Hundreds of thousands of students in the mostly French-speaking province of Canada have been involved in this year’s inspiring Quebec student movement – often referred to as the Maple Spring – which began in February as a response to the government’s announcement to raise university tuition costs by 65% over the next 4 years.
Quebec’s university tuition is currently quite low in comparison to our standards in the U.S, and students are protesting to keep it that way. The movement, however, with such massive participation and organized energy, has been a huge inspiration to students worldwide, as it has evolved into something beyond just tuition, beyond even education, but about government austerity measures and the underlying systems that are creating a difficult economic environment for students.
The movement gained momentum and attention in February, when students (along with many faculty) at the University of Quebec in Montreal went on strike. By the end of March, there were 310,000 students on strike. Mass demonstrations were going on in conjunction with the strike, and as expected, the Quebec government responded by cracking down on freedom of protest. They passed Bill 78: an emergency law that restricts the right to protest near a university, or anywhere in Quebec without prior police approval, and restricts the rights of education faculty to go on strike. The response to the new law was massive: on the 100th day of the student protests, between 100,000 and 400,000 people marched in downtown Montreal in what has since been called the largest act of civil disobedience in Canadian history.
Unfortunately, media coverage of the student movement has been largely dismissive, even demonizing of the student movement and their struggle. Focusing mostly on incidents of vandalism, left ignored is the complex organization of the movement. Also uncovered has been the intense incidents of police brutality against students. Police have continually used pepper spray, stun grenades, and truncheons (batons) on protesters, as well as massive arrests. At one point, government officials openly called for violent tactics to be used against the demonstrators.
Although the movement began in response to education tuition and debt, it has since expanded to include a wider range of issues beyond education, drawing awareness to the ways in which many current issues and forms of oppression, like racism and sexism, intersect under the larger economic system, and oppressive aspects of austerity measures that are being implemented by governments throughout North America and Europe. Many involved in Montreal’s student protests have included anti-capitalist and anti-colonialist work as a major unifying point of the movement.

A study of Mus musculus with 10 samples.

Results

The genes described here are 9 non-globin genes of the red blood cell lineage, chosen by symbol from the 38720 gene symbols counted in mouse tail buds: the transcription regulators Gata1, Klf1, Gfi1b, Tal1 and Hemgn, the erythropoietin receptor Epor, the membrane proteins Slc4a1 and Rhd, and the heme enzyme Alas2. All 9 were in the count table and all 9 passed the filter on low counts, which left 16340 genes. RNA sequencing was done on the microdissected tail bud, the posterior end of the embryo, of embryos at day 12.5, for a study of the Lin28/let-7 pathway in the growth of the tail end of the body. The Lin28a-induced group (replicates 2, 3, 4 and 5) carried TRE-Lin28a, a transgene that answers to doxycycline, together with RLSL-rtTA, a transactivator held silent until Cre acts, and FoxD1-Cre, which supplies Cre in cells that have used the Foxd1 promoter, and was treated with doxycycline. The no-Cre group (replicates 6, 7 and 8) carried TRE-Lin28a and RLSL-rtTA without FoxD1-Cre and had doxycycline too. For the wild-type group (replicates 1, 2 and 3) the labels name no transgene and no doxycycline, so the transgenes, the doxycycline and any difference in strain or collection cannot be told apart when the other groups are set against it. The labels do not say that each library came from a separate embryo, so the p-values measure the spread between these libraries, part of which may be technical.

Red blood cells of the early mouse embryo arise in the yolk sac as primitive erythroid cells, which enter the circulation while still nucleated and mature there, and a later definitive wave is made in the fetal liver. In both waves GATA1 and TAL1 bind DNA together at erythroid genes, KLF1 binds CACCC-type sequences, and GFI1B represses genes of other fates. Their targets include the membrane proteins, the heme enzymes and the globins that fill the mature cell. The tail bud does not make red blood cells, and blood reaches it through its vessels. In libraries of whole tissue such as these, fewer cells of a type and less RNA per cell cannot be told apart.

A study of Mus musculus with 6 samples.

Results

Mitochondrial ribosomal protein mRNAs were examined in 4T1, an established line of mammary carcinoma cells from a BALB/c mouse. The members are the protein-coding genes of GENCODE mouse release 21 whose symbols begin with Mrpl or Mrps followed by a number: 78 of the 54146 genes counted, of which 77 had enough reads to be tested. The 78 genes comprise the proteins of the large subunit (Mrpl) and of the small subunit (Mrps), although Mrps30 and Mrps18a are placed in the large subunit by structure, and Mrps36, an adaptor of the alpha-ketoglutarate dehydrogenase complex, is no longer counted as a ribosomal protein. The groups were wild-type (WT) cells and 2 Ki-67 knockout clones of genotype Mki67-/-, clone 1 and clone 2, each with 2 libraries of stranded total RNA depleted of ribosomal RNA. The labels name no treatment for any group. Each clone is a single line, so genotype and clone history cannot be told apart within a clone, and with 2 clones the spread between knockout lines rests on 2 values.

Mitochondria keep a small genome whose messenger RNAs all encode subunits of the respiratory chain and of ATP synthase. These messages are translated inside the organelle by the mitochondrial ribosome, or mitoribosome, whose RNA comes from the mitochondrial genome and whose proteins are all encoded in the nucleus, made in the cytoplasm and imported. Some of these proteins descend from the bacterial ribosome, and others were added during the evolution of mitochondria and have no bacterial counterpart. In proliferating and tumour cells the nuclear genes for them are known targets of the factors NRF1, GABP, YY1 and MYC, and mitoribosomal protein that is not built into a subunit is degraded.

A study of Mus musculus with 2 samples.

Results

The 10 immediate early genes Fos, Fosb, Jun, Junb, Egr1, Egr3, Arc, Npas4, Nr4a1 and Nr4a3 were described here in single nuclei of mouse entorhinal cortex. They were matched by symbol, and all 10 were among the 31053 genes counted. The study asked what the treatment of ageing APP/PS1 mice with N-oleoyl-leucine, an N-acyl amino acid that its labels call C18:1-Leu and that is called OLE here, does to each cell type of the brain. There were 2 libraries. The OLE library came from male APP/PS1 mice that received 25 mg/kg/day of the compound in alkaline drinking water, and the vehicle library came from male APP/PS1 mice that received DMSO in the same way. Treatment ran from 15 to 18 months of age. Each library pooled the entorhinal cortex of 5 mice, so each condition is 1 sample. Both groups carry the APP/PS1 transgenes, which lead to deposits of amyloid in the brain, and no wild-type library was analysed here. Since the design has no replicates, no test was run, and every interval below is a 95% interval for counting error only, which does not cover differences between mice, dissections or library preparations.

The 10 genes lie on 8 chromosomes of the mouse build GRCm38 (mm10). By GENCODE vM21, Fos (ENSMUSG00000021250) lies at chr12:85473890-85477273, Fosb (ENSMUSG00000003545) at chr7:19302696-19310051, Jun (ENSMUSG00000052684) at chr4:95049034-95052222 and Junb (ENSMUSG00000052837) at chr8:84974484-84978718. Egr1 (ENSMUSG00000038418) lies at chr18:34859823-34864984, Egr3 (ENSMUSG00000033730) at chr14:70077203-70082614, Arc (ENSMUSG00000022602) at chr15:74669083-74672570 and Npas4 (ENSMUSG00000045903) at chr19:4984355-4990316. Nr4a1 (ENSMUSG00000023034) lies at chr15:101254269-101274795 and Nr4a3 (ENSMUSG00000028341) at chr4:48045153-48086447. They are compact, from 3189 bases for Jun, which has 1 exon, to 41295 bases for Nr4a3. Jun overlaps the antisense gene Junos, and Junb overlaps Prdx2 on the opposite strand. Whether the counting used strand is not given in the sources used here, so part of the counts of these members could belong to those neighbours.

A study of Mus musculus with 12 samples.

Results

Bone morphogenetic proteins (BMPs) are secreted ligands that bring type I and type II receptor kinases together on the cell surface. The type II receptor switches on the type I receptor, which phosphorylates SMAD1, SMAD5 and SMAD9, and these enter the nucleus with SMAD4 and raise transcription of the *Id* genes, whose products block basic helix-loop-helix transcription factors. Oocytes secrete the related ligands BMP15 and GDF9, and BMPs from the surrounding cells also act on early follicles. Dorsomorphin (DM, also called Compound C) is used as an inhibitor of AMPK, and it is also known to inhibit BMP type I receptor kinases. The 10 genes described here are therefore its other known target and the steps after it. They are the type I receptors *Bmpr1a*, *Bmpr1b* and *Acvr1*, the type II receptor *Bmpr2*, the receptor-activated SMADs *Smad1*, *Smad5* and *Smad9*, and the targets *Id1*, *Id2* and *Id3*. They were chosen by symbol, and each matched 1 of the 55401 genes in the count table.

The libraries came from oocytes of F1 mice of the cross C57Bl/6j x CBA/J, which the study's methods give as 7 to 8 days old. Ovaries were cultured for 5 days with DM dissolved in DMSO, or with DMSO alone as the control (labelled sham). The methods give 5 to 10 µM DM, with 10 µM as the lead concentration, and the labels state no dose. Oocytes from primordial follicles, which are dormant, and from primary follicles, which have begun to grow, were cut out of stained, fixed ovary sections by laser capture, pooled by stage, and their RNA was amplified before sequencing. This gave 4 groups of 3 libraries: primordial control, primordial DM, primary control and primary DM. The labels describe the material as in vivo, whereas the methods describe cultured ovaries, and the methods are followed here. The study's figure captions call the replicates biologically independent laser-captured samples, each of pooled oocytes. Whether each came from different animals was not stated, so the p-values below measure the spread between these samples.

Feminist activists have made a clear space in the student movement as well, much as feminists did in the Occupy movement. Often holding their own sections of marches, feminist activists are connecting the dots between the issues that sparked the movement with systemic gender oppression (one feminist march called itself “Against This Dirty Sexist Hike” while another held a banner that read “Fuck Patriarchy, Fuck Prisons”). Anger and energy also lingers from the Slutwalk movement, which began not far away, in Toronto, Ontario. In May, striking students held a nude march with slogans painted in red on their bodies.
Signs, chants, and make-up of the group change with each day, but energy remains high and Montreal citizens appear united under the slogan “Ceci n’est que le début! Continuons le combat!” (“This is just the beginning! Continue the fight!”)
Protests in solidarity with the people of Montreal occurred throughout the U.S., with large demonstrations in Chicago, New York, Washington D.C., and elsewhere. You may have seen the red cloth squares on jackets around your campus worn in solidarity with those also wearing them in the streets of Quebec.
The students of Quebec have set an example for students across the globe. Their incredible ability to organize horizontally, mostly though student unions/associations, has caused this movement to only get larger. At a recent protest, where 10,000 people marched near McGill University, a banner read This isn’t a student strike, it’s a society waking up. While financial access to education is a defining issue of this movement, it has grown to be part of a much larger emerging global movement that seeks to challenge neoliberal and corrupt policies around the world, and is without a doubt something to inspire and engage students all over the world.